Legal Review & Commentary: Psychosurgery leads to a $7.5 million verdict in Ohio
News: For years a woman suffered from an obsessive-compulsive disorder, which she believed would be corrected through psychosurgery. The procedure resulted in complete incapacitation, and she brought suit against the provider. She was awarded $7.5 million in damages for past and future medical care, pain and suffering, and loss of consortium for her spouse.
Background: A 58-year-old woman, who suffered from an obsessive-compulsive disorder that caused her to wash her hands and shower excessively since age 28, learned about psychosurgery on the Internet.
She made an appointment and was assessed as a viable candidate for the procedure. The surgery was successfully performed; however, post-surgery she developed a brain infection, leading to brain damage, which rendered the plaintiff unable to care for herself. She now requires around-the-clock care and suffered a loss of short-term memory. She is unable to walk, stand, eat, or use the bathroom by herself.
The plaintiff brought suit against the provider and alleged negligent technique and lack of informed consent and claimed she thought she was undergoing a single-part procedure called a cingulotomy, when in fact an experimental two-part surgery called a cingulotomy with a capulotomy was performed.
The plaintiff also claimed that the brain infection was due to the presence of an intestinal organism and was caused by improper sterilization techniques. Furthermore, the plaintiff maintained that she was not a proper candidate for the experimental surgery because she had not been thoroughly evaluated for the procedure that was actually preformed.
In its defense, the provider argued that the plaintiff’s informed consent had been properly obtained and that the plaintiff’s infection was a known risk of the procedure. At trial, a $7.5 million verdict was returned. The award included $300,000 for past medical care, $1.1 million for pain and suffering, $5 million for future medical care, and $1.1 million for loss of consortium for the patient’s spouse.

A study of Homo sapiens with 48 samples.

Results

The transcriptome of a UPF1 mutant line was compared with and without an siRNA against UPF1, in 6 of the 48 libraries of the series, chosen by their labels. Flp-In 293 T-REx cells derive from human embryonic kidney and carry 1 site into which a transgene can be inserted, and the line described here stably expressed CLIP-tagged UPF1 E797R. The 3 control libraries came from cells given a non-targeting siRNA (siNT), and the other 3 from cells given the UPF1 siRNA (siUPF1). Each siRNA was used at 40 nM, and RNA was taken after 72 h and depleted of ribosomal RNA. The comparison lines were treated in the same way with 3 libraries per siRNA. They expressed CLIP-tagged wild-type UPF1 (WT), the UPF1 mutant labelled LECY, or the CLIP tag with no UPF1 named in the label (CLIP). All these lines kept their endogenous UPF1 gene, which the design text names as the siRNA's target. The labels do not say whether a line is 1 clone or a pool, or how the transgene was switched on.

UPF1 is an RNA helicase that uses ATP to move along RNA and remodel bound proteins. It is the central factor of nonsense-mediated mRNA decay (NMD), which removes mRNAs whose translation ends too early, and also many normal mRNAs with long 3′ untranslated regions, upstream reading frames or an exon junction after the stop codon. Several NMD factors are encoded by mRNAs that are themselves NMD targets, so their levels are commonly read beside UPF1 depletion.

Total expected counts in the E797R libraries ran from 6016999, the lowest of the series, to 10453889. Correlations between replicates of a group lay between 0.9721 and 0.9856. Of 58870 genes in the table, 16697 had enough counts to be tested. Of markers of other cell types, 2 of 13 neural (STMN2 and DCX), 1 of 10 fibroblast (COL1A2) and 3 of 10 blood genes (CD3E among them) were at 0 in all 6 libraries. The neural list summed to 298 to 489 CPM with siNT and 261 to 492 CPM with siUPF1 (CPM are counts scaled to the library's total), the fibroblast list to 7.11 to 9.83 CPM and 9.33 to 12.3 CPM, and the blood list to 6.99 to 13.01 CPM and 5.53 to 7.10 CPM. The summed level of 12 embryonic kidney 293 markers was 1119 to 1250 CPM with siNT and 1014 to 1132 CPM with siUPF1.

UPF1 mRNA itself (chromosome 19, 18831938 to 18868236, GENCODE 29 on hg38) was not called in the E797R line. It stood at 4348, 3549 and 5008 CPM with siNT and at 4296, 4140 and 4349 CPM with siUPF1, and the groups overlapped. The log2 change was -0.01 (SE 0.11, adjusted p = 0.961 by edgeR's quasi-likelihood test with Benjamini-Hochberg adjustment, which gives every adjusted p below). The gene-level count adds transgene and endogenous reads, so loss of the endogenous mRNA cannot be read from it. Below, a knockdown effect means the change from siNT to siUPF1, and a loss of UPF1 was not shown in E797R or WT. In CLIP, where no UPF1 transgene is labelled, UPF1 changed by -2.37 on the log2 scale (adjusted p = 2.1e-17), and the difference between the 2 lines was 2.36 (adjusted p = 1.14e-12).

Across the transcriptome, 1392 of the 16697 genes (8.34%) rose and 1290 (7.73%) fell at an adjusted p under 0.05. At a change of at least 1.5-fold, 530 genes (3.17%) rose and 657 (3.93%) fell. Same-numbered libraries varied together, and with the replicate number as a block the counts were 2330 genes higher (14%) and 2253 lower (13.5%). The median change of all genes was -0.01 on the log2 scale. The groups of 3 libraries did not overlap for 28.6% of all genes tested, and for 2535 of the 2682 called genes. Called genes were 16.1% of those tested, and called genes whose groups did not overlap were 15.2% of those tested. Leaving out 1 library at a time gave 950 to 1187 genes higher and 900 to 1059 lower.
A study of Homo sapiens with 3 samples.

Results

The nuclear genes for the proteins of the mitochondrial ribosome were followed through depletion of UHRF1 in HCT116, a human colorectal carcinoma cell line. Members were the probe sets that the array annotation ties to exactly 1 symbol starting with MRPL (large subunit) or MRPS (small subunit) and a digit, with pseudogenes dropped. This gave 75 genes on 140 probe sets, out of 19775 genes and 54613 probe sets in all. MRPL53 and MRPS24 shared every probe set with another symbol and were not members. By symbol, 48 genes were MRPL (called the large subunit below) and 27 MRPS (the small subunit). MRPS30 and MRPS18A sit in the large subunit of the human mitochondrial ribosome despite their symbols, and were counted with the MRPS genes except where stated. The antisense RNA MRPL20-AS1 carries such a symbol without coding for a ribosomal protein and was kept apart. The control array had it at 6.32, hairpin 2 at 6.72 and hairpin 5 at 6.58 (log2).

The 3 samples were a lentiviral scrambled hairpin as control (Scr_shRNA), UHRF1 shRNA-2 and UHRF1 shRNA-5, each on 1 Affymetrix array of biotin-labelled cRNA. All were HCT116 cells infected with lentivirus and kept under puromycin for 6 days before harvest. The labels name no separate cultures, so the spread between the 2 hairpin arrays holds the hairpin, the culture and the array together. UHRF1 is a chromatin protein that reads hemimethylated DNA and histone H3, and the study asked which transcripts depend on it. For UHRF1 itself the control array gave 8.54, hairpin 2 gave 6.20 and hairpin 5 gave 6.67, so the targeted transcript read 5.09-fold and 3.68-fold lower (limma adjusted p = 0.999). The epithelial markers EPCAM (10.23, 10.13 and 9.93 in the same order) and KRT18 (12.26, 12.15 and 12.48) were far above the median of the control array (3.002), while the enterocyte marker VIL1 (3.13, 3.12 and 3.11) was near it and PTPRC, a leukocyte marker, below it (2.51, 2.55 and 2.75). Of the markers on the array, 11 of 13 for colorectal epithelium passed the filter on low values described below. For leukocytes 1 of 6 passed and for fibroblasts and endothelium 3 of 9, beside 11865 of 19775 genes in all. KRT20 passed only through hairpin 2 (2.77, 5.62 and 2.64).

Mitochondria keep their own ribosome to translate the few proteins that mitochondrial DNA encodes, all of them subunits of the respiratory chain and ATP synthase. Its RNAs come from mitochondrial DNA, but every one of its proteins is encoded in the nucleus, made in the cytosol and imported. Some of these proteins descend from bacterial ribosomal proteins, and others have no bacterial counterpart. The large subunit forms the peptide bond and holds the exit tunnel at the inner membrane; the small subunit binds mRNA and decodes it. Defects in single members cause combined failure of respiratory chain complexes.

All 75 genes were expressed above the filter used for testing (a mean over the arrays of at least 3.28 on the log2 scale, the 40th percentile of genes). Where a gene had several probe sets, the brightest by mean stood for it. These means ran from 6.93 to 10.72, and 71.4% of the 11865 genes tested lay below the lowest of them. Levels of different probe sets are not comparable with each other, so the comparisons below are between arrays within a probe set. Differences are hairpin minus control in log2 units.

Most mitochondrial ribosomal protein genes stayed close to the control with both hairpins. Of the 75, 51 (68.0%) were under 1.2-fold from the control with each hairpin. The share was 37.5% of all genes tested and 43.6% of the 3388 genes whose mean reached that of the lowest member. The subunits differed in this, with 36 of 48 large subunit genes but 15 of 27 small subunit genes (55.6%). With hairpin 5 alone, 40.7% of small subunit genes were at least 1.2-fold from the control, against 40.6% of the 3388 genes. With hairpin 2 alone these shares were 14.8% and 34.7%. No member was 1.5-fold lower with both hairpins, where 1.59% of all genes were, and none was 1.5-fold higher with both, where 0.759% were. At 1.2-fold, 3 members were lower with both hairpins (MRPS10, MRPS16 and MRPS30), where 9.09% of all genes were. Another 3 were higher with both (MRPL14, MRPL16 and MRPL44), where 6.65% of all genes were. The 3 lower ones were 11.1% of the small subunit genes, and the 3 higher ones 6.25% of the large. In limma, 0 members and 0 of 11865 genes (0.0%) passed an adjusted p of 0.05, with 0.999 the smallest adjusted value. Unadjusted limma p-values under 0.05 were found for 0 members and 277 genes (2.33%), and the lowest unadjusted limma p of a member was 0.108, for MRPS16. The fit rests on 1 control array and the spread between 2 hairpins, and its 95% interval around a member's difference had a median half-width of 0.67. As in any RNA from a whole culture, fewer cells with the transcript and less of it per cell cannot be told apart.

What this means to you: "The importance of a thorough and well-documented informed consent and patient evaluation cannot be overlooked as demonstrated by this case. In this instance, because of the patient’s history of obsessive-compulsive disorder, the surgeon might have considered videotaping his conversation with the patient as part of the informed consent process. It would be interesting to know how the procedure was actually listed on the consent form signed by the patient. Full disclosure must be given to the patient of all intended and possibly intended procedures. For example: laparoscopic cholecystectomy and possible open exploratory laparotomy and cholecystectomy,’" says Patti Ellis, RN, BSN, LHRM, a risk management consultant in Miami.
The consent form should include a statement about emergency procedures to correct unforeseen conditions that may arise during the course of surgery, she adds.
"With regard to the specific possibility of infection, I don’t think I’ve ever seen or heard of an informed-consent process where the surgeon did not identify infection as an inherent risk of the procedure. Again, a thorough and well-documented informed consent consisting of the most common risks of the procedure as well as those specific to the patient’s medical condition are crucial to the informed consent process.
"It is unclear in this particular case whether the experimental capulotomy was associated with any additional risks that were not inherent in the cingulotomy procedure. If that were the case and in fact these additional risks were not disclosed to the patient, then the surgeon would be held liable as the jury found here.
"Although this patient suffers from a long-standing history of obsessive compulsive disorder, she still has the capacity to give informed consent unless otherwise determined to be legally incompetent by a court of law," adds Ellis.
"While there are no guarantees that a health care provider won’t be sued, practicing within the standards of acceptable medical practice, the importance of informed consent process and excellent documentation can’t be stressed enough.
"The return of such a large award by the jury in this case seems to be consistent with the excessive jury awards across the country," concludes Ellis.
• Mary Lou Zimmerman and Sherman Zimmerman v. The Cleveland Clinic Foundation, Cuyahoga County (OH) Common Pleas Count, Case No. 399411.